2021: The Year of Meme Stocks, Return of Inflation and a Worker Shortage
January 3, 2022
By Krista Eberly, CFP®
Another year in the books and an eventful one to say the least. Out of everything that comprised 2021, three themes dominated market headlines: meme stocks, inflation, and the labor market. Let’s take a look back.
Meme stocks dominated the first part of 2021. This phenomenon started in January when retail investors, part of the WallStreetBets group on Reddit, piled in on heavily shorted stocks such as Game Stop. The goal was to have the share price go to the moon, illustrated in the meme below. This took the markets by storm, and volatility, measured by the VIX Index, reached its high for 2021 in late January. Coincidentally, the stock price of GameStop peaked on the same day as the VIX, January 27. If you don’t remember this wild ride, we broke it down in our Feb. 1 Investment Commentary.
As the months went on, this craze spilled into cryptocurrencies as well. Dogecoin, a cryptocurrency initially starting as a joke, rose from one penny to almost 70 cents by the beginning of May. Its price is a lot lower today, as are many other meme stocks (such as AMC Entertainment.)
The Return of Inflation
Also in the spring, higher inflation started to ramp up. The Fed blamed transitory factors such as supply chain issues, pent up demand, and base effects. However, it persisted throughout the year and continued to challenge the Fed’s stance. As my colleague noted in our Dec. 13 Investment Commentary, November’s year-over-year Consumer Price Index (CPI) reading was its highest level since 1982. By year-end, the Fed changed its tune. It accelerated the tapering of its monthly bond purchases, removed the word ‘transitory’ from its policy statement, and signaled interest rate increases in 2022.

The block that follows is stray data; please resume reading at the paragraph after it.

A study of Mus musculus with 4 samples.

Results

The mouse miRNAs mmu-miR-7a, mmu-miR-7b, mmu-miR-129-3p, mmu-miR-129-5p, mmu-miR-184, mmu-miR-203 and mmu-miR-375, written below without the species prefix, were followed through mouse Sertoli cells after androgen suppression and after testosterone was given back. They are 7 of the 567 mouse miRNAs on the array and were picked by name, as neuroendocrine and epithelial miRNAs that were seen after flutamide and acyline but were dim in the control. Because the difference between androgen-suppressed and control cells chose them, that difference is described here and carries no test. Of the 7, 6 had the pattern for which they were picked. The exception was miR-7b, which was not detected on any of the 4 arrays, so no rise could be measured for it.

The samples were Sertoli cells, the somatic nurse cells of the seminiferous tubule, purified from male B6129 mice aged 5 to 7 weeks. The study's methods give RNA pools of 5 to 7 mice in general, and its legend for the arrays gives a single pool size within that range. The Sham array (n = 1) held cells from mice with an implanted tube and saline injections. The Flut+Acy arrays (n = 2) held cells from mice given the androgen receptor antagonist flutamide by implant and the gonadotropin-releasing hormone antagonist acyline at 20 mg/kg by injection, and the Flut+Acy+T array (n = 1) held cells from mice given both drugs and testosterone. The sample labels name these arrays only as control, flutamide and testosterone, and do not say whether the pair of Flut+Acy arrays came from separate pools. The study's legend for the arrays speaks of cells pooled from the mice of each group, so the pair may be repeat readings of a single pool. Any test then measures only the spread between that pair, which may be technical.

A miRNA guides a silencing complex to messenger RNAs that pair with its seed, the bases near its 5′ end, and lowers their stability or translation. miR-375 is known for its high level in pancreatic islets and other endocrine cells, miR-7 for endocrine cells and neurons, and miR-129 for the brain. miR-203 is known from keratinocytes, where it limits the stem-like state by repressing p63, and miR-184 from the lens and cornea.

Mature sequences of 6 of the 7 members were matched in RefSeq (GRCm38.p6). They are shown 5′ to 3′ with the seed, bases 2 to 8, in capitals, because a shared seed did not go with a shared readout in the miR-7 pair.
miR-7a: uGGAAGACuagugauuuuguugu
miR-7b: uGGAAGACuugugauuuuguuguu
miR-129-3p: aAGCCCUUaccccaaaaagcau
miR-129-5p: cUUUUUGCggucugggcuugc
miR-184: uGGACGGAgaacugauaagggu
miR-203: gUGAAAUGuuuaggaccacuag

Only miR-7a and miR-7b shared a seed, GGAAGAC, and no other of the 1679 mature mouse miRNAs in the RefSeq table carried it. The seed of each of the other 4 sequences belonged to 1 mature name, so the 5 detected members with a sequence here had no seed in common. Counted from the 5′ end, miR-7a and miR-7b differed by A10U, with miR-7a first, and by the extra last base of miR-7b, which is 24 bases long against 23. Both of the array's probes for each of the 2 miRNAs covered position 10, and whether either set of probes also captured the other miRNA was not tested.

Higher and more persistent inflation is the number one topic to dominate the market headlines last year and a common one discussed in our weekly commentaries as well. Higher inflation is likely to continue in 2022 as the global supply challenges remain. For example, consider the semiconductor (chip) shortage affecting the car industry. It was expected to be resolved by year-end or early 2022. We are at this point and delivery times for chips are still around six months.
The Shortage of Workers
As the economy started to open back up, employers, particularly in the industries hardest hit from COVID, looked to bring workers back in the door. However, as the year went on, the U.S. experienced a shortage of workers. It affected all businesses, with help wanted signs posted everywhere you turn. With October’s JOLTS (Job Openings and Labor Turnover) data, over 11 million job openings are here in the U.S. and less than seven million people actively looking for a job.
Where did all the workers go? Good question. Various reasons are cited for the shortage; the pandemic pushed people to retire early, child care issues, extra savings, and concerns over COVID are just a few. The labor market shortage created price pressures, as employers had to raise compensation to attract new workers and retain current ones. This also contributed to higher inflation in 2021.
As we close the chapter on another year, on behalf of the Wealth Management Division, I would like to thank you for entrusting us to help grow your wealth overtime and achieve your financial goals. Your success matters to us.
The Investment Department will be releasing our year-end video later this week. We recap the market environment, performance of our managed portfolios, and outlook for 2022. Stay tuned!
We look forward to continuing to work with you in the New Year.